Micky Dolenz of the Monkees demanded access to his file after a FOIA request was ignored
Monkees singer Micky Dolenz, the last living member of the ‘60s boy-band, has sued the FBI to gain access to his file after attempts to obtain it via a Freedom of Information Act request went unanswered, his lawyer, Mark Zaid, told the Rolling Stone on Tuesday.
The lawsuit, filed in the US District Court for the District of Columbia on Tuesday, demands the release of the FBI’s file on Dolenz, plus anything it has on the Monkees – both as a band and regarding Dolenz’s three deceased bandmates.
Dolenz had attempted to secure the records himself using the FOIA request, which he filed in June and which by law must be answered within 20 days. When the agency failed to respond, Zaid, himself a Monkees fan since childhood, suggested litigation.
That the FBI has a file on the Monkees is a matter of public record. Parts of it are publicly accessible on the agency’s “Vault” website, including a report from an informant who was apparently in the audience during their inaugural tour in 1967.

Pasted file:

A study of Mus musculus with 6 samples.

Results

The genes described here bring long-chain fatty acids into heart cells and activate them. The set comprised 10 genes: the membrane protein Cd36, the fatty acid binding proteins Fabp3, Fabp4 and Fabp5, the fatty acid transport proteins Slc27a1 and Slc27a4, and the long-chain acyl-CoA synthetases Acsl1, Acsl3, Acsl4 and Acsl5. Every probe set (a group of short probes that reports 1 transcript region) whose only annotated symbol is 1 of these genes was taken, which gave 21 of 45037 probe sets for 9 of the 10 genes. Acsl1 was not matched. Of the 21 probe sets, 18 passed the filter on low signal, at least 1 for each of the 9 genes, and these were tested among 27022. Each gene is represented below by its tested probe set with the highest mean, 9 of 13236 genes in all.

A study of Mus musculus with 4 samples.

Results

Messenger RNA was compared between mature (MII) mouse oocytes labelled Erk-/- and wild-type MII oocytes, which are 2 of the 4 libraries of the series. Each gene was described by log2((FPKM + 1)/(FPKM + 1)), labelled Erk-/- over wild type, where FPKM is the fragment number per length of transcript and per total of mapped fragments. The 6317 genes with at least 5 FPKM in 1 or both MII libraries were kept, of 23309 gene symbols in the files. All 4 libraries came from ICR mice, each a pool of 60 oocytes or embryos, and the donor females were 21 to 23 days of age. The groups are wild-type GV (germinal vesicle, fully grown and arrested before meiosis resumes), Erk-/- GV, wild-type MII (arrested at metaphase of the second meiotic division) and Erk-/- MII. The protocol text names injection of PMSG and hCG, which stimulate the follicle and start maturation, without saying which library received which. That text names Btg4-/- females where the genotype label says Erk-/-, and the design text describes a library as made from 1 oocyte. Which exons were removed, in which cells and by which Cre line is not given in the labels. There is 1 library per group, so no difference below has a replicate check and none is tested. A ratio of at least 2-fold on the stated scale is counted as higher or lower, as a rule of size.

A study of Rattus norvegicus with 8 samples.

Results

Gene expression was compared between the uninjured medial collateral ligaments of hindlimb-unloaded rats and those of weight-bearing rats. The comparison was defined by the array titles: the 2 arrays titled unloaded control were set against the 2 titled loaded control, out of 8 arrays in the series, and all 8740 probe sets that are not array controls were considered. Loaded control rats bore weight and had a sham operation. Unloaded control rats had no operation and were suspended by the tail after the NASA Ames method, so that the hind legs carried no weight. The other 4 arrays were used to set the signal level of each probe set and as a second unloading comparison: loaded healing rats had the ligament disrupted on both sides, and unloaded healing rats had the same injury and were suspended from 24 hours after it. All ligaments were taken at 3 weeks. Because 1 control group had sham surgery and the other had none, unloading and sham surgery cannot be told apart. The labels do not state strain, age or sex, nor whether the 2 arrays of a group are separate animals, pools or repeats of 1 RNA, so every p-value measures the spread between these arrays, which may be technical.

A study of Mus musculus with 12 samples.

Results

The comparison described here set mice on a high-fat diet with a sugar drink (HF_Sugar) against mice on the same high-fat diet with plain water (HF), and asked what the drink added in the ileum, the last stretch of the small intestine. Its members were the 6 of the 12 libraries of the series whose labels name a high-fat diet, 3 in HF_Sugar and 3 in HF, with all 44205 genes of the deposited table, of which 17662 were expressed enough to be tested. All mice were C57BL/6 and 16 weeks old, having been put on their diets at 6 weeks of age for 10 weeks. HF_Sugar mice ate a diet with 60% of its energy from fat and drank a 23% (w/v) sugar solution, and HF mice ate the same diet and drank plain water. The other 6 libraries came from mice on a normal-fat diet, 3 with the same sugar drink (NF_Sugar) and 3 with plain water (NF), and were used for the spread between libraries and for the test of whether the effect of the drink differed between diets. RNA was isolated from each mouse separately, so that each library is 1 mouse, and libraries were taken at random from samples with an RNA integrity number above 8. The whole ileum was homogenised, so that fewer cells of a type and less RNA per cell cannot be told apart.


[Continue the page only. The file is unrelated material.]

The file describes “subliminal messages” being projected onto a screen behind the band, constituting – in the informant’s mind, at least – “left-wing intervention of a political nature.”
They described images of riots in Berkeley, “anti-US messages on the war in Vietnam,” race riots in Alabama, and other controversial tableaux “which had unfavorable response[s] from the audience” while being flashed on the screen.
But while that tempting tidbit has been available for the public to read since 2011, much of the rest of the seven-page document is heavily redacted, and a second document that it refers to has supposedly been “redacted entirely.”
Dolenz and his lawyer hope to discover why the FBI was interested in the group – formed in 1966 by television execs for a sitcom – in the first place. Zaid acknowledged to Rolling Stone that in J. Edgar Hoover’s time, the FBI was “infamous for monitoring the counterculture, whether they committed unlawful actions or not” and didn’t really need a reason to send an informant to a popular musical act’s shows searching for subversion.
“Theoretically, anything could be in those files though,” he said. “We have no idea what records even exist. It could be almost nothing, but we’ll see soon enough.”